Imagination. Transformation. Memory. These ideas fueled the exhibition design that’s taking four UH School of Theatre & Dance alumni and one current student to the world’s largest theatrical design competition this summer.
From June 6 – 16, performance designers, artists, directors and students from around the world will converge at the Prague Quadrennial (PQ). Held every four years, the event celebrates the history and advancements of design and technical theatre with exhibitions designed by interdisciplinary teams from across the globe. Each exhibit showcases theatrical design and the performing arts from the design team’s home country.
“It’s like the Olympics of theatrical design,” says Paige A. Willson, a UH alumna and associate professor at the UH School of Theatre & Dance. She serves as one of the exhibition space designers on the team she assembled that was selected to represent the United States at the 2019 PQ.
The winning design team, which is sponsored by the United States Institute for Theatre Technology (USITT), includes four fellow UH Coogs — co-space designer Ellen Doyle Mizener, lighting and projection designer Clint Allen, draughtsperson Mark Krouskop and design team assistant Aaron Krohn — as well sound designer Erich Keil, Tulsa Opera’s resident designer and director of production, and sound design assistant Josh Brown, a graduate student at Columbia.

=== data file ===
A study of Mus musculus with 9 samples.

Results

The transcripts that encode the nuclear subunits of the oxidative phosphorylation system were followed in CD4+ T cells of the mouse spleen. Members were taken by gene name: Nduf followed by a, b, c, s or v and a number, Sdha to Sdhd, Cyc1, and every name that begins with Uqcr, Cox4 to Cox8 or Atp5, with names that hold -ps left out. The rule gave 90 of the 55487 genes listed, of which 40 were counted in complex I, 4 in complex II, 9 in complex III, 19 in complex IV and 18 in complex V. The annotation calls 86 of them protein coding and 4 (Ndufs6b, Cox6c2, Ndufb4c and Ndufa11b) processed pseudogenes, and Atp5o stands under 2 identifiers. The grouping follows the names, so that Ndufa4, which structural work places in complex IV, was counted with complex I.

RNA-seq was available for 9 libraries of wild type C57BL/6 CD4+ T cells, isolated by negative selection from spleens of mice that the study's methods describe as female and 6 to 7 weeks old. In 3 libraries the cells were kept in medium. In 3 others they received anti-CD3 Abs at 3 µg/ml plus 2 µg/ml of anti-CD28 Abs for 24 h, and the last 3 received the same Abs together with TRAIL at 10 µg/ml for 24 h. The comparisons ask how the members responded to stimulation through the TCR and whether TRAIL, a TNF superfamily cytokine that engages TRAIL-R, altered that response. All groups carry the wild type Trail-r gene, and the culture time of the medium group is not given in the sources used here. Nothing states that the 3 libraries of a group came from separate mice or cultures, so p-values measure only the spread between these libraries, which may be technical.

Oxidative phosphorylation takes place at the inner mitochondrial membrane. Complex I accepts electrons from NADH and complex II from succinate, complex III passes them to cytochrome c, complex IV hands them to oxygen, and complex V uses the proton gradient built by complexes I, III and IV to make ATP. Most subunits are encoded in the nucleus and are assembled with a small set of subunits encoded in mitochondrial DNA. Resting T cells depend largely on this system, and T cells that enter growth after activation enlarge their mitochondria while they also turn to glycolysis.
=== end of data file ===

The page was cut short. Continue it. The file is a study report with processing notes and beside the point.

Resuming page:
Inspired by sculpture and storytelling, the team responded to this year’s theme of “porous borders” with an evocative, dynamic exhibition that invites viewers to experience a sweeping history of the past four years of selected designers work from across the nation.
“It’s a very emotional space,” says Willson.
At the center of the exhibition stands a towering metal column made up of quotes from designers from our collective past. Willson says it was a way to weave the various perspectives, experiences and stories into the space, allowing viewers to engage with everyone’s stories in an unexpected way, as their words are, literally, illuminated.
As viewers explore the space, which is laid out as an altar comprised of five Vedic elements — air, water, earth, fire and aether—they are also awash in a song-like recording made entirely from voices speaking the words “imagination,” “transformation” and “memory” in different languages.
“It’s haunting — and gorgeous,” she says.
Ultimately, the team’s goal is to reflect the idea of art dissolving barriers, both tangible and intangible. “Natural elements like wind and water move indiscriminately, breaking down stone. Ideas don’t have borders, so we approached the underlying theme [of the exhibition] as art breaking down closed minds.”
The exhibition will span both figurative and literal borders. Before heading to the competition in the Czech Republic, the exhibition will head down from Buffalo, New York, where it was constructed by students and faculty at the University of Buffalo, to debut at the USITT’s national conference and stage expo in Louisville, Kentucky.
“It’s been so wonderful working with everyone involved,” says Willson, reflecting on the two-year process that brought this project to life. “Sometimes it feels like it’s not real, like it’s a dream, but seeing it come together has lifted any anxiety. It’s very exciting.”